Research shows that one of the best ways that you can help prepare children to cope with discrimination and intolerance is by being open about it. When you show children that these topics, though tough, are not taboo, you let them know that they can always share their questions or thoughts about life’s scary situations.
Given the rise in anti-Semitic acts and bias crimes, such as the mass shooting at a synagogue in Pittsburgh, we may have to have these conversations sooner than we’d like.
To help you navigate through these conversations we’ve included information about talking to your kids about scary situations and anti-Semitism on the back of this insert.
For more resources that parents may find helpful in discussions with their children.
visit pjlibrary.org/beyond fear
Talking to Your Kids…
ABOUT SCARY SITUATIONS
For kids ages 5 and up
The Child Mind Institute recommends parents do the following after a frightening incident like a tragedy or an evacuation:
- Break the news
- Take the cues from your child
- Model calm
- Be reassuring
- Help children express their feelings
- Be developmentally appropriate
For a developmentally appropriate approach to talking about school safety with your children, use the following guidelines from the American Academy of Pediatrics:
- Young children need brief simple information that should be balanced with reassurance.
- Upper elementary and early middle school children can handle the same information parents have about the school’s safety plan.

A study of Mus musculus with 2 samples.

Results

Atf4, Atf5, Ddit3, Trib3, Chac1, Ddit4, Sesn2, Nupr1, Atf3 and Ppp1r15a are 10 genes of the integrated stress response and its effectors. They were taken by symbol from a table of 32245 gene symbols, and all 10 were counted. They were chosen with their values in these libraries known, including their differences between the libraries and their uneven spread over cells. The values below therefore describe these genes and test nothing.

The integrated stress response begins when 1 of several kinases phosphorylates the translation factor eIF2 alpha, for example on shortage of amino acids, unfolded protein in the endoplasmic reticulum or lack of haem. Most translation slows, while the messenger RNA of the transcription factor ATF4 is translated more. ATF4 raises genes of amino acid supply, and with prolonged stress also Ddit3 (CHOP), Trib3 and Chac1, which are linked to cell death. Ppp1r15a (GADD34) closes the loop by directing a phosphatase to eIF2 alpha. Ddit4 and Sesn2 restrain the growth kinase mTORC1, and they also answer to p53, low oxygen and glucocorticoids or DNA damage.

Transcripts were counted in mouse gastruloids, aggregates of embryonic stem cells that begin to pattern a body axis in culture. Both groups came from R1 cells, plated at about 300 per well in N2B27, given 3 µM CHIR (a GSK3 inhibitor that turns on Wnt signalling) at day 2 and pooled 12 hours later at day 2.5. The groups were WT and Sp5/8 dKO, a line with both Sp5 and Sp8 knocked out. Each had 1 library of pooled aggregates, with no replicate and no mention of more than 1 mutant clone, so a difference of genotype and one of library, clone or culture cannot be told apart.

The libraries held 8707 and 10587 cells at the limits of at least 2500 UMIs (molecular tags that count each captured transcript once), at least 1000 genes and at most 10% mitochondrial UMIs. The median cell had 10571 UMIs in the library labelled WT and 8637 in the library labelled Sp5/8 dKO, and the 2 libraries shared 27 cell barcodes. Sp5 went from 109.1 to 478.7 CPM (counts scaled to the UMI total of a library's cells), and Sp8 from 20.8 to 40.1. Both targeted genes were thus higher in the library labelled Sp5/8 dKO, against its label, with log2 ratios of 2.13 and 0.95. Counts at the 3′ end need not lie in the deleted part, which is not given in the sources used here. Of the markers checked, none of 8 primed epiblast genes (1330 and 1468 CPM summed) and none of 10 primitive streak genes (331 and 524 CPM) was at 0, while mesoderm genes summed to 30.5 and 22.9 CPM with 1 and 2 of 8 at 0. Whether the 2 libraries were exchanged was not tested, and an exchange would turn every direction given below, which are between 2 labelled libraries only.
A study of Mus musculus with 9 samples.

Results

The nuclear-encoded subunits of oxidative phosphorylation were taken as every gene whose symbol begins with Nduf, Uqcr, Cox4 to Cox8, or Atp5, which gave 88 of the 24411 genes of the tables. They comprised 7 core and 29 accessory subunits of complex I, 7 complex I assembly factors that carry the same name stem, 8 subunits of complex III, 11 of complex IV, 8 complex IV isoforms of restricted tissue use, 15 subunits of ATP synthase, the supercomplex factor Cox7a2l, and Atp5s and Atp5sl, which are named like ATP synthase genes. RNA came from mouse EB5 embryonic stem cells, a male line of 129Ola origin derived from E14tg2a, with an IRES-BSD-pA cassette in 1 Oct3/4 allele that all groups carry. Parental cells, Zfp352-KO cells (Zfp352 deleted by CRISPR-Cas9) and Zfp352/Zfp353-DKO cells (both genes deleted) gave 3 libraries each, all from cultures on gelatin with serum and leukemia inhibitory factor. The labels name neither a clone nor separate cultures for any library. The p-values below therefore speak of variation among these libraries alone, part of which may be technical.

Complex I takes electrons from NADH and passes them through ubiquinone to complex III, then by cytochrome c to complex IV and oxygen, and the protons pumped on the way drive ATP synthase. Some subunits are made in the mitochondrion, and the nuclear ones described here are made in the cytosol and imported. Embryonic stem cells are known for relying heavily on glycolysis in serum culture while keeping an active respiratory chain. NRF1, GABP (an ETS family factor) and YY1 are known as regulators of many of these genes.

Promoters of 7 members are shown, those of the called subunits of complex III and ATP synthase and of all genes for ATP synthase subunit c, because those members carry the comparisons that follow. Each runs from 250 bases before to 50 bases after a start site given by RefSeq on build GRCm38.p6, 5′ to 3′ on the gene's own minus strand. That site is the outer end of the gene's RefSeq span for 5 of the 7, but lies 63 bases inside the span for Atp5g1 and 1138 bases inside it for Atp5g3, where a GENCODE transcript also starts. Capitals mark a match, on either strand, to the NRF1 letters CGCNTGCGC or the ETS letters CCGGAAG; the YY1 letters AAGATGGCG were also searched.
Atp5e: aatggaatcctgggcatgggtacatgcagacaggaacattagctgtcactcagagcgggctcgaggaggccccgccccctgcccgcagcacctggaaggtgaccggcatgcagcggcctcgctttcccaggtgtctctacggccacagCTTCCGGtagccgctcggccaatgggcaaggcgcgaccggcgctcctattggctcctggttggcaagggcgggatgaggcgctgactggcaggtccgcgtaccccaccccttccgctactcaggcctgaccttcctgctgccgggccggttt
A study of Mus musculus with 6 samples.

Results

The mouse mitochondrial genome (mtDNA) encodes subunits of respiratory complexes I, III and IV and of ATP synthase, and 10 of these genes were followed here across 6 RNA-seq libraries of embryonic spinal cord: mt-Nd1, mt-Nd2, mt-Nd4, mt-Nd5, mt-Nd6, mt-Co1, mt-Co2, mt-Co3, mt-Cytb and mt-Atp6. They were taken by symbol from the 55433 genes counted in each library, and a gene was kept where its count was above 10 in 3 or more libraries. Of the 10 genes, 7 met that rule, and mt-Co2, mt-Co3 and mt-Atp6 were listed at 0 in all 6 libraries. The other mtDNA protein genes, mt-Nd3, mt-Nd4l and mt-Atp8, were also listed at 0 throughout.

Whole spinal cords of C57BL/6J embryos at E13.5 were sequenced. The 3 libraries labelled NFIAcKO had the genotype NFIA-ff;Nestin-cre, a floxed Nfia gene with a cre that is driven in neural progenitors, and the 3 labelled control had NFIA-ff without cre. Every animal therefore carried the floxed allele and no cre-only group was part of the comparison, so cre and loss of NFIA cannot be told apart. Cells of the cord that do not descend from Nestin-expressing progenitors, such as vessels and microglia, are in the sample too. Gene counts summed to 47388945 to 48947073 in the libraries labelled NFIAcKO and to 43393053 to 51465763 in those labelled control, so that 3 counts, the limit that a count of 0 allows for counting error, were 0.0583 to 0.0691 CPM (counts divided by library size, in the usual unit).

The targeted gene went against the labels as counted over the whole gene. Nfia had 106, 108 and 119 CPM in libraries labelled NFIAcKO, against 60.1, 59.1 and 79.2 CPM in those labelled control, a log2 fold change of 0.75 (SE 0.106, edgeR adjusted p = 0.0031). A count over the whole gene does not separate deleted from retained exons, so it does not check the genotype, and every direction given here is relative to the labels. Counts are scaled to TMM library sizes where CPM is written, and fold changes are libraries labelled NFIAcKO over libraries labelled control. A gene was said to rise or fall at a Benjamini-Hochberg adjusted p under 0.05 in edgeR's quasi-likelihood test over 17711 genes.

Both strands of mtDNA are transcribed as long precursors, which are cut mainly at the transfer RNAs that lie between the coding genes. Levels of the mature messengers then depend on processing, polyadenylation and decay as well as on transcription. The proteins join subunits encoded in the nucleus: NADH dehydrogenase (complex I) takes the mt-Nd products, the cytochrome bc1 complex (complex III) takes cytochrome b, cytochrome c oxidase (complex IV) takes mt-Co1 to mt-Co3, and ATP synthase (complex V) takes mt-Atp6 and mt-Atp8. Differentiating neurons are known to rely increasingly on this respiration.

- Upper middle school and high school children may have strong and varying opinions about causes of violence in school and society. Parents should stress the role that students have in maintaining safe schools.
ABOUT ANTI-SEMITIC ACTS
First, find out what your children already know. As with any challenging topic, you want to answer the questions and address the worries that your kids have, not raise new ones they didn’t think of yet.
Remind kids that such events are rare. While the US has experienced a sharp rise in anti-Semitic acts in recent years, attacks like the one in Pittsburgh are still extremely unusual. Point out to children that the grown-ups around them are taking action to keep them safe.
Any violent act is scary, but violence against Jews may feel closer to home. Some children may feel vulnerable, while for others, the events may not even feel real. Children don’t always know how to voice their anxieties; you might notice disturbances in appetite or sleep instead. If your child is reticent to talk right away, that’s okay. Remain open to the conversation when your child is ready.
If your children as why people sometimes hate Jews, it’s okay to say that you don’t know. Hatred is irrational, after all. But you can also talk about the ways anti-Semitism is similar to other forms of prejudice based in fear of difference. This is an opportunity to talk with children about the Jewish injunction to “love the stranger” and to actively welcome new people into our communities. The more we learn about the people around us, the less we notice differences, and the more we focus on how much we all have in common.